British satellite firm OneWeb has filed for bankruptcy, in part due to the economic troubles brought about by the current Covid-19 crisis.
The company filed with the US Bankruptcy Court for the Southern District of New York on March 27. OneWeb is in negotiations for debtor-in-possession financing, which means the firm can accrue funds so it can meet its current commitments as its business assets go under the hammer.
In January, the firm was in talks with investors who could fully fund the company, and was close to making a deal but it fell through. Before its bankruptcy, OneWeb raised $3.4 billion in funding from investors including Qualcomm, Airbus, Virgin Group, Coca-Cola, Maxar Technologies, Hughes Communications, and Intelsat.
"Our current situation is a consequence of the economic impact of the Covid-19 crisis," Adrian Steckel, OneWeb's CEO, said.
“We remain convinced of the social and economic value of our mission to connect everyone everywhere. Today is a difficult day for us at OneWeb.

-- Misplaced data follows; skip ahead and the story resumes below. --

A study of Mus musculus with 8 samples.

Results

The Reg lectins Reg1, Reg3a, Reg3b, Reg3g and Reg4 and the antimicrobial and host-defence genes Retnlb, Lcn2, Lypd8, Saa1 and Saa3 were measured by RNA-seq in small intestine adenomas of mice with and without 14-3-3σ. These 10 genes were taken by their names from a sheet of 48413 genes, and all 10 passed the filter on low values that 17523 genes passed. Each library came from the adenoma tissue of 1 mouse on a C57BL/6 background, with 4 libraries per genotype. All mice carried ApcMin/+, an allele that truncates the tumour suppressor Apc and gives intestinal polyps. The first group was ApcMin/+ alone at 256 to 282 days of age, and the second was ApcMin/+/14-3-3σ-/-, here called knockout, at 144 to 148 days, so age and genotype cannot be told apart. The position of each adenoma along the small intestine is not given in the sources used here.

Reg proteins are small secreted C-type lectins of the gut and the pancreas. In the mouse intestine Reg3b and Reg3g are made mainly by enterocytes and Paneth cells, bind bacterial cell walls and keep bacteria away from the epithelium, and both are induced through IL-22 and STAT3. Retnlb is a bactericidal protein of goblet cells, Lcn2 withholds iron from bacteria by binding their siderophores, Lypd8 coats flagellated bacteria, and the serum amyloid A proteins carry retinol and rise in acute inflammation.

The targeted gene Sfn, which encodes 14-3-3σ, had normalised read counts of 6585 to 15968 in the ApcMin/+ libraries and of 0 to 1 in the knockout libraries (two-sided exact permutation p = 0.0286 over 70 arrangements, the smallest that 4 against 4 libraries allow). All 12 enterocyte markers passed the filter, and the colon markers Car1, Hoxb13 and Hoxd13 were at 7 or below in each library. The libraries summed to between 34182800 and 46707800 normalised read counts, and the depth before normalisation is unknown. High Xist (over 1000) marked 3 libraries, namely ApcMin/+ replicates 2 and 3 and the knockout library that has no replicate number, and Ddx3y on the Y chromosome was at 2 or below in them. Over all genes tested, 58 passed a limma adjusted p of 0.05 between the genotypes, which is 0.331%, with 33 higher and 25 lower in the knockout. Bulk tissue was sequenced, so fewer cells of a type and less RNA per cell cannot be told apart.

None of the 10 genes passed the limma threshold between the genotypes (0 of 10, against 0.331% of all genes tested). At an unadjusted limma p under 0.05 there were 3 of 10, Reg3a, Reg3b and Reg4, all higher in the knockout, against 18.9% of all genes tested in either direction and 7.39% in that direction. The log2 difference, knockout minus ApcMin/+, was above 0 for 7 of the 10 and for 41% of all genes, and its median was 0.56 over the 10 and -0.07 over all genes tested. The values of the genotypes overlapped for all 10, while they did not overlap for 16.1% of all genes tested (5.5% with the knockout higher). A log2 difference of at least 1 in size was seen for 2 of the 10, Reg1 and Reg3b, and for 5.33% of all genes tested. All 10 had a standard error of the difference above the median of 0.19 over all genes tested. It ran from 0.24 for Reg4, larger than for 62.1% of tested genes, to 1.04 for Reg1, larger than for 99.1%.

“It is with a very heavy heart that we have been forced to reduce our workforce and enter the Chapter 11 process while the Company's remaining employees are focused on responsibly managing our nascent constellation and working with the Court and investors."
To date, OneWeb has launched 74 satellites, begun development on a range of user terminals and has half of its 44 ground stations completed or in development. OneWeb planned to deliver the Internet via its network of satellites to isolated or rural areas, so far it has been able to demonstrate an excess of 400Mbps and latency of 32ms.
But the business was already facing pressure, making it vulnerable to market conditions. The company has several high profile and well-funded competitors, including SpaceX's Starlink initiative and Amazon's Project Kuiper.
If no purchaser for OneWeb is found, the UK government will become responsible for the satellites in orbit.